How the Food Dudes put their multi-faceted stamp on Toronto’s dining scene
L–R: Niman and McClenahan yukking it up at their restaurant Rasa
It’s a sunny Wednesday afternoon and 50-odd members of the Food Dudes catering staff are gathered in the offices of their east end facility for a team meeting. Among the crowd are event planners and administration staff, plus chefs and cooks in logo-embroidered jackets decorated with remnants of the morning’s work. Food Dudes co-founder Adrian Niman instructs on new procedures to improve the company’s catering operation.
Just half of the Food Dudes’ 100 plus staff are represented here. And although Niman, who started the business out of his mom’s kitchen, may be leading the agenda, he’s not the only one holding the proverbial microphone. A chef suggests ways to improve food storage practices; a staff member proposes how to effectively tweak transportation to events.
A key member of the crowd is Brent McClenahan. As the operation’s creative director and business development lead, he’s more than Niman’s right-hand man. Together, they’re the official co-owners of the Food Dudes, overseeing two acclaimed restaurants — Rasa and Omaw — two grab-and-go Pantry eateries and two food trucks. Oh, and they cater over 1,500 events a year.
Despite this sounding like an overflowing platter of projects, the Food Dudes shows no signs of slowing down. Come June 23, the dudes are throwing their Block Party IV at Toronto Event Centre — an epic food-meets-art-meets-music event with over 3,000 attendees expected. Also on deck is a sister restaurant for Rasa on King West, a third Pantry slated to open in PATH in addition to an expanded Pantry prep space. There’s also a casual Italian eatery destined for the east end of the city.
The most enigmatic of the upcoming projects would have to be one headed by Omaw chef and Food Dudes partner Matt Blondin. He’s currently working on a new ticket-based restaurant (think theatre!) set to launch next spring.
“It’s an experimental format I’ve been working with lately and am really looking forward to launching,” Blondin says. With a capacity of 12 seats, the restaurant will offer diners a multiple-tier, tasting menu–only concept. Although more details on the new projects remain hush-hush, the Toronto fooderati are surely gearing up to pounce. It’s safe to say the Food Dudes is keeping busy.
But before Niman and McClenahan launched one of the top food operations in town, their professional partnership got off to an explosive start. It was 2009, and McClenahan was helping Niman out with a catering gig at a private Lawrence Park home — one of Niman’s most important clients. All was going well until McClenahan attempted to pop the cork off a bottle of red wine.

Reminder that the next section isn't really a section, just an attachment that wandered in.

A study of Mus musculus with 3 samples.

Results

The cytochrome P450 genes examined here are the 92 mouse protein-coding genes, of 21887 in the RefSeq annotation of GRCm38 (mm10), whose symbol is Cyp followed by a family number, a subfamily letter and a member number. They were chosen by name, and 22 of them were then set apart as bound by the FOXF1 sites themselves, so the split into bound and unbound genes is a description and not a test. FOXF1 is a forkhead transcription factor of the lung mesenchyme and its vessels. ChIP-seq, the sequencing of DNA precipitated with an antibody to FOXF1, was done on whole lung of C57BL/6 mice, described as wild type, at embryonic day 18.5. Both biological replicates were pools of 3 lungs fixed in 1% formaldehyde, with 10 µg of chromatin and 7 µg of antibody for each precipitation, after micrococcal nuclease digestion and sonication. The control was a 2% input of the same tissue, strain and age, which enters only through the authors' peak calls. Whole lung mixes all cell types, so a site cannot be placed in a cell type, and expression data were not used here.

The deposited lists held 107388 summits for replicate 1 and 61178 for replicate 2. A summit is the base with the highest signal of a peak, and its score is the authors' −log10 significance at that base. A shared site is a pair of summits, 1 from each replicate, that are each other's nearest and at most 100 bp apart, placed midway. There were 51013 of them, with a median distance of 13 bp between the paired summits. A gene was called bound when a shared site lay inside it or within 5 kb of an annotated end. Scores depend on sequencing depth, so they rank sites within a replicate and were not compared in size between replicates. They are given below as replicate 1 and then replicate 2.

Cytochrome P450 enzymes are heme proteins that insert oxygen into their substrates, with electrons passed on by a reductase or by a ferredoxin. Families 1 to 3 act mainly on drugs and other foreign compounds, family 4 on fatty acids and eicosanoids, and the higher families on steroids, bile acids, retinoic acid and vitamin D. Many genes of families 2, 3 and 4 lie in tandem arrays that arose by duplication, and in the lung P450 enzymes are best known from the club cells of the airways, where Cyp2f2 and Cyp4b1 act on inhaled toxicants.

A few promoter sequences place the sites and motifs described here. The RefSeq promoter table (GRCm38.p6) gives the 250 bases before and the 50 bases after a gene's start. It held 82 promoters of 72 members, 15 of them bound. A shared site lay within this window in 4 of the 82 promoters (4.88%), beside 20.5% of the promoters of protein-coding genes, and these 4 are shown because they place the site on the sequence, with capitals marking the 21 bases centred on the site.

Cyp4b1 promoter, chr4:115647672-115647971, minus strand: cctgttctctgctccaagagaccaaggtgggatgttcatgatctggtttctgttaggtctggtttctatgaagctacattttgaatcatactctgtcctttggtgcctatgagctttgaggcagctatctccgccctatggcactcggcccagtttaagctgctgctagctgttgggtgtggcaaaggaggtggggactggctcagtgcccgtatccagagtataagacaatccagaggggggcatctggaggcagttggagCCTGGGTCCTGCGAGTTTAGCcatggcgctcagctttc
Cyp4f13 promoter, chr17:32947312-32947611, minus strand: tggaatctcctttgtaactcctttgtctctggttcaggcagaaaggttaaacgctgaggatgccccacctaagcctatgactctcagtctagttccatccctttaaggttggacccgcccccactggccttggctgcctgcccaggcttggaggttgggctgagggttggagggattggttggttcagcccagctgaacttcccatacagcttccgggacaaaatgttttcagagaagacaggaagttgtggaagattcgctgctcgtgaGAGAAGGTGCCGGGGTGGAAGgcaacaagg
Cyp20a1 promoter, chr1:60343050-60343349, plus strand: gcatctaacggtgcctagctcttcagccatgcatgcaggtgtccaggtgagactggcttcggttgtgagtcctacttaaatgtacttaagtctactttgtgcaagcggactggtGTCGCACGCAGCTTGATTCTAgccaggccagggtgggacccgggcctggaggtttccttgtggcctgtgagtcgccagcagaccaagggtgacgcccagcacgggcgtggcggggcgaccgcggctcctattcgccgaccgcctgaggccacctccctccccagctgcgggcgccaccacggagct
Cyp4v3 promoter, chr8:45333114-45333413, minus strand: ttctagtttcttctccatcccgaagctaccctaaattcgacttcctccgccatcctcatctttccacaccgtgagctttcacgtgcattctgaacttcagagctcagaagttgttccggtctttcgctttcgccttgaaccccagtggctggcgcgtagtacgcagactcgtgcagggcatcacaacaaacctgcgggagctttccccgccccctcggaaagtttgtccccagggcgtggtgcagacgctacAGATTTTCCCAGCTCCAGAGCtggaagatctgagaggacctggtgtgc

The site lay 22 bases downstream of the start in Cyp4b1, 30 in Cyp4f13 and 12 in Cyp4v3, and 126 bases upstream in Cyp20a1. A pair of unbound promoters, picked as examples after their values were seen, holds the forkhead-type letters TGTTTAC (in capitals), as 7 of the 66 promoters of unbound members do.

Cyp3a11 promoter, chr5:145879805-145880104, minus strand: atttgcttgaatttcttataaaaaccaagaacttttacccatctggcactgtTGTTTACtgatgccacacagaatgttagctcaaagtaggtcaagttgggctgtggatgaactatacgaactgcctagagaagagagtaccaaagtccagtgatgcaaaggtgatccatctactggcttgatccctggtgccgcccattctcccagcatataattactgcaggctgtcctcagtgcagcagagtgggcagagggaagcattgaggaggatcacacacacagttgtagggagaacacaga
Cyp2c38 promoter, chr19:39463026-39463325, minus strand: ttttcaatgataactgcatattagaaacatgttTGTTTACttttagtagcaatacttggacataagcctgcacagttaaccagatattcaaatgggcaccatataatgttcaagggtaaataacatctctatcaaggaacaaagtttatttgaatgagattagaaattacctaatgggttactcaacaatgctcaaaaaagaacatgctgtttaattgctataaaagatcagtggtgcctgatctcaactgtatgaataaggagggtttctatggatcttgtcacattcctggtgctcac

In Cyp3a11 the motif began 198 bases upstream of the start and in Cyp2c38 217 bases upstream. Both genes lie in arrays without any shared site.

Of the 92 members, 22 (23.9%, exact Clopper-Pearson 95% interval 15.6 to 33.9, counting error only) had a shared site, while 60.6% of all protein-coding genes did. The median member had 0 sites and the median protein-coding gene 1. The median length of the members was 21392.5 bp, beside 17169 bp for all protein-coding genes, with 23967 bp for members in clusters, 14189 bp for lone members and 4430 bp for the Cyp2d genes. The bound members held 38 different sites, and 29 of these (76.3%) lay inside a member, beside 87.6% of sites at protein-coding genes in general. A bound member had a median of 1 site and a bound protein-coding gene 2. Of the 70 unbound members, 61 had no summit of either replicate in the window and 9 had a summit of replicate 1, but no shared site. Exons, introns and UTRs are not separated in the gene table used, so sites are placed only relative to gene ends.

“For some reason, there was a lot of pressure in the bottle,” McClenahan says. “The wine exploded all over their crown moulding and ceiling.”
Hoping to eventually join the Food Dudes, McClenahan was worried about the impression he left on Niman.
Niman grew up at Yonge and Eg, studied hospitality and tourism in Guelph prior to gaining experience at Mark McEwan’s North 44 and the Michelin-starred Reads Hotel in Majorca. McClenahan, hailing from rural Ottawa, studied kinesiology and pre-med at U of T before shifting gears.
At the time of the wine incident, the pair had been friends for just over two years. Despite McClenahan’s concerns, Niman saw through the flub, trusting that his work ethic and design-focused mindset could give the fledgling operation just the right boost. So the following year, Niman made McClenahan a partner.
From there on, the Food Dudes flourished. Niman was in the kitchen crafting his signature global fare.
“We like bold flavours,” Niman says. “We don’t stick to one region; we’re very diverse.”
Meanwhile, McClenahan honed the operation’s brand and identity. As the business grew, Lindsay Klein (now a partner) took over administration duties.
The next turning point came when the Food Dudes moved into a 2,500-square-foot kitchen at the back of a club. This was Niman’s first taste of running a restaurant, operating Bloke & 4th’s three-day-a-week supper club program.
“It was great practise,” Niman says, “but it wasn’t how I envisioned my first restaurant to be.”
So after two years of bachelorettes and b-day parties, it was exit time. Nabbing a 10,000-square-foot facility at Lakeshore and Carlaw allowed the pair to focus on both the catering and the food trucks, the latter of which had been drawing crowds as they worked through the festival circuit.
But the drive to open a restaurant was still there, so in 2014 Rasa arrived on Harbord. Dishing out its signature international cuisine (both Niman and McClenahan have done their fair share of travelling), it quickly earned spots on “best of” lists. Omaw soon followed, with Blondin and his refined southern fare steering the ship.
Pantry came about as a way to make use of surplus items from catering gigs, using a protein plus two sides as their business model. With a retail space built into their east end catering facility, it made sense to open a place for grab-and-go meals. A second Pantry opened in Rosedale last fall, and the catering arm continues to grow.
“Food Dudes does over 175 weddings a year,” says Niman. “We do more than 10 events on every single Saturday. What really drives us is creating. I never get more excited than when we get a new space.”